The Chicago Tribune recently released a report detailing widespread sexual abuse within the Chicago Public School (CPS) system. Internal CPS documents revealed a total of 430 reported incidents of sexual assault, abuse, and harassment in the past seven years.
Approximately 230 of those reported incidents led to legitimate evidence of teachers and school employees committing sexual misconduct. That being said, the raw data is limited in scope. The data does not reflect specifics for each reported incident, often omitting the school, employees and students involved.
In order to dig deeper into this scandal, the Tribune cross-referenced CPS data with Chicago police data. From 2008 to 2017, police investigated approximately 523 reports of sexual abuse at school or on school grounds in Chicago. In terms of context, that is one reported incident per week over a 10-year span.
After cross-referencing the data, the Tribune isolated 108 reported incidents for an in-depth examination. Of those incidents, 72 involved CPS employees committing sexual misconduct against students.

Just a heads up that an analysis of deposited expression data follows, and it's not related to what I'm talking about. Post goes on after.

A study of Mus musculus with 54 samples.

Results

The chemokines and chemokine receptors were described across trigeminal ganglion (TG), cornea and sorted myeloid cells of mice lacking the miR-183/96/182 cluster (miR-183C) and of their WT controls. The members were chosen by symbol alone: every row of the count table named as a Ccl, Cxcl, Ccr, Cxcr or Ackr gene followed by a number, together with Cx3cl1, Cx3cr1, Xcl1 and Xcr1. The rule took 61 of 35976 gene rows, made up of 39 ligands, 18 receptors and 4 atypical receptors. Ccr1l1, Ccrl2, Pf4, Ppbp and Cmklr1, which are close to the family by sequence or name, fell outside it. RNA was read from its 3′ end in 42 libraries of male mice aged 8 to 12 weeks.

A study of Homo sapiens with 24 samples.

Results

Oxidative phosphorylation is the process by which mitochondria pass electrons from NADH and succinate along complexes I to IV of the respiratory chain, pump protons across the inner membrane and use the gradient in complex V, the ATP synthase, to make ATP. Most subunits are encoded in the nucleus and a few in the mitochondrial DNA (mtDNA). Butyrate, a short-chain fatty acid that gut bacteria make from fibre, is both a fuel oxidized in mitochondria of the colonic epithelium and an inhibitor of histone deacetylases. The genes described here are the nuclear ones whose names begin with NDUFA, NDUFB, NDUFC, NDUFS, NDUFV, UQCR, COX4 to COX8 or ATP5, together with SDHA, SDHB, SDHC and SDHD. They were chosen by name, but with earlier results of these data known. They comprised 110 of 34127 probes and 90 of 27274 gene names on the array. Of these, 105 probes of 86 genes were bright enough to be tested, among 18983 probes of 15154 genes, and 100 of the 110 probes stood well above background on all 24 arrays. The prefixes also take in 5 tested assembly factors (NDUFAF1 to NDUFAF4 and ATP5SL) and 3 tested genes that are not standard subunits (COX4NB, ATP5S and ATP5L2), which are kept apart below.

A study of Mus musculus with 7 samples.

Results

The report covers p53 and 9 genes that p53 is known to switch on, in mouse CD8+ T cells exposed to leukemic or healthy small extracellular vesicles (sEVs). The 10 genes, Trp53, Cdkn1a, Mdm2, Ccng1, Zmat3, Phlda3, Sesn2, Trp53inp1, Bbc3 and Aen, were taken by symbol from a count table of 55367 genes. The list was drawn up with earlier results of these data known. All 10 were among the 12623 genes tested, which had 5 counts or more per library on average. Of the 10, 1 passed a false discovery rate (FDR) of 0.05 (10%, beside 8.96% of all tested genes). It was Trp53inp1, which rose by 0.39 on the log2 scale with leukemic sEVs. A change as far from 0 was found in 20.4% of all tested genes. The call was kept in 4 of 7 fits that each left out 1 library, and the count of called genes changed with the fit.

Despite the in-depth nature of the Tribune report, it remains difficult to nail down an exact number of sexual abuse incidents in CPS schools. Part of the problem relates to the CPS approach to these events. CPS administrators admit that there was not a formal process for investigating and handling reports of alleged sexual misconduct.
Further compounding the problem, the CPS background check process failed to identify employees with criminal backgrounds and histories of sexual misconduct. Furthermore, the CPS system failed to share information with other districts about reported sexual abuse incidents in the recent past.
Even when students reported sexual abuse, the CPS system failed to notify law enforcement or a welfare department. That is a violation of the Illinois state requirement for reporting such incidents to appropriate authorities.
Specifically, if and when school employees learn of actual or suspected abuse, they are required to call the Department of Children and Family Services. The timeline for notification is immediate. School employees are not allowed to delay notification or simply notify administrators. Failure to adhere to these regulations can result in criminal charges.
Notwithstanding these requirements, the Tribune discovered that certain CPS employees decided to conduct their own investigation. Rather than reporting incidents to the police or a welfare department, school officials interrogated the alleged abuser, the student victim, and other involved parties. And the Tribune discovered few instances where a failure to report resulting in criminal sanctions.